The paths that lead to the ball are many:
they are often lined with the forgotten ashes of scullery maids
who have gone on to better things than picking lentils out of the hearth.
While wanting a ball is not wanting a prince
the two seem to go hand in hand,
a kind of logarithmic function of desire and fulfillment.
And so, scullery maid or princess,
we, each and every one, arrive at the ball
bedecked in feathers and fury.
We are given only two hands to use in the dance,
one always caught in the clutch of another,
and the second hand ticking
gently in front of the eyes:
spread fingers creating spyholes of flesh.
Had the fairy godmother thought to give the gift
of a third hand, instead of, say,
shoes never worn enough to be worth the price,
think how different the story might have been.
Herr Drosselmeier, godfather,
maker of time-pieces
and other ticky-toys,
we stand and bow to you.
You always knew,
in the way that godfathers know such things,
that the Prince is always the hardest nut to crack,
no matter how many hands are given to the task.
As for you, Carabosse,
keeper of clocks,
when did you leave us
to this solitary pirouette on the head of a spindle,
a waltz of one hundred years,
feet twitching like Father's eldest hunting hound,
fingers burning into straw, into gold:
we were the gifts given,
gaily wrapped packages in reversible paper
readied for this one or that one.
(You always said
twelve strokes weren't really enough
but what prince ever believed that?)
4. Ever After
Beyond the glass coffin
beyond the glass hill
beyond the glass slipper:
only you and I,
a shadowy duet of parsimony and elegance.
How the creeping sundial does sweep us!
despite raggedy clothes, shoe-loss
and devious step-parents,
into the arms
of a tidy, anticipated future.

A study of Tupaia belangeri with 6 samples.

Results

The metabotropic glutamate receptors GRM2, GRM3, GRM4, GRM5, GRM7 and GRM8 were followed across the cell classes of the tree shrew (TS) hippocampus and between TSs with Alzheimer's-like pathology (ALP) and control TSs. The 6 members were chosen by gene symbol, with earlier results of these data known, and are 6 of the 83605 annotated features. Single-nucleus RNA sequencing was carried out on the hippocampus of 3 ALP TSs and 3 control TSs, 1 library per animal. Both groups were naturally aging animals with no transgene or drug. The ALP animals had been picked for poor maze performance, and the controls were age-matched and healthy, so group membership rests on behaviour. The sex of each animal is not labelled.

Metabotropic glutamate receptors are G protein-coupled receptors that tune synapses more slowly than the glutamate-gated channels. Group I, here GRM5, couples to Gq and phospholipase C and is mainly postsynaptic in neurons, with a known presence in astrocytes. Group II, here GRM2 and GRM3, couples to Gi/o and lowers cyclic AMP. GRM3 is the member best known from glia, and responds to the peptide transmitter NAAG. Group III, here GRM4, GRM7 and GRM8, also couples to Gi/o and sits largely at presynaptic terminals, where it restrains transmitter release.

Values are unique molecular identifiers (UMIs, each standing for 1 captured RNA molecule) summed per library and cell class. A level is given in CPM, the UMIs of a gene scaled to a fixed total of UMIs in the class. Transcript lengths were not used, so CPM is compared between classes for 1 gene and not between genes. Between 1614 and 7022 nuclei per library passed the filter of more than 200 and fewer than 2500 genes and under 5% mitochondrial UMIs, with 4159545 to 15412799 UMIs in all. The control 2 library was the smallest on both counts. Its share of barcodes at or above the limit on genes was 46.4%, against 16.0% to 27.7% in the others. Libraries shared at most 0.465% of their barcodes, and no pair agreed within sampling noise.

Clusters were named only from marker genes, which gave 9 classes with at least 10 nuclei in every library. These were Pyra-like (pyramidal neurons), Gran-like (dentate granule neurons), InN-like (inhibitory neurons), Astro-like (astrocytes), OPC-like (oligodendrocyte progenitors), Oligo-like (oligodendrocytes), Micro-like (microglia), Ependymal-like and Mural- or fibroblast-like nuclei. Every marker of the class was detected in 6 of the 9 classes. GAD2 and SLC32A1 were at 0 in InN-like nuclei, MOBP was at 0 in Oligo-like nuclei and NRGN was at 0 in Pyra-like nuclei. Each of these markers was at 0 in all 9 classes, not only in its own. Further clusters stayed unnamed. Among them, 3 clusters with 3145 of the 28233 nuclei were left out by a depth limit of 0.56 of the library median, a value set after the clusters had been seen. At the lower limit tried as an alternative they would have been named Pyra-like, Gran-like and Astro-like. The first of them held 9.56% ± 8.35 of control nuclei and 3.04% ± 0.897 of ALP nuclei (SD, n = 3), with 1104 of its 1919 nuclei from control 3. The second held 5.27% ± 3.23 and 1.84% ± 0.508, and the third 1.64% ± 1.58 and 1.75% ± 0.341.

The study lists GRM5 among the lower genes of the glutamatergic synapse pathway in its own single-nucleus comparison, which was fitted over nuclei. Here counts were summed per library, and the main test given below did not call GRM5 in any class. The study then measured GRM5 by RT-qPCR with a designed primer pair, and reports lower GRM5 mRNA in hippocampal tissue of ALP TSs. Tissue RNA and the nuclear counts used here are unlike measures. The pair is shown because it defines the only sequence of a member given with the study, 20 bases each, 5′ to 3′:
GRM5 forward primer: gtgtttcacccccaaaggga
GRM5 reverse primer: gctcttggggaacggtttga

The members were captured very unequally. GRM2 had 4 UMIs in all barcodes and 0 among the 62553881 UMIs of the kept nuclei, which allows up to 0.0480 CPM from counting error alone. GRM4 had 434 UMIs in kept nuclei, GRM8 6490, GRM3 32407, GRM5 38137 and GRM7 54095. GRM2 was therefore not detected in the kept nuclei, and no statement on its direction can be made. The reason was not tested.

And there we dance, covered
in feathers and furbelows, bells and bobbles,
our hands given, as foreordained
to an endless parade
of velvet knickerbockered golden-crowned youths,
the unfolding of an infinite paper princeling chain.
5. The End
Time is the mother of invention
and the sister of theft.
It is the glass globe of hand-spun conjurings
on the end of the spindle-shaft,
dancing in the shadow of the long hand,
twirling in the lee of the short hand.
Here, each dance has the fractal precision of chaos,
whether prince or prisoner, scullery maid or princess,
each part contains the pattern of the whole:
wish and desire
(if you wish)
(if you desire)
(if you dare)
Copyright © 1999 Sandra Kasturi
Sandra Kasturi's poetry has appeared in various magazines and anthologies, most recently in Anamnesis Press's 2001: A Science Fiction Poetry Anthology. She is a co-founder of the infamous Algonquin Square Table Poetry Workshop and has received four Honorable Mentions in The Year's Best Fantasy & Horror anthologies. She has won a Bram Stoker Award for her editorial work at ChiZine and recently founded Kelp Queen Press with inaugural publications from Colleen Anderson, David Niall Wilson and Jason Taniguchi.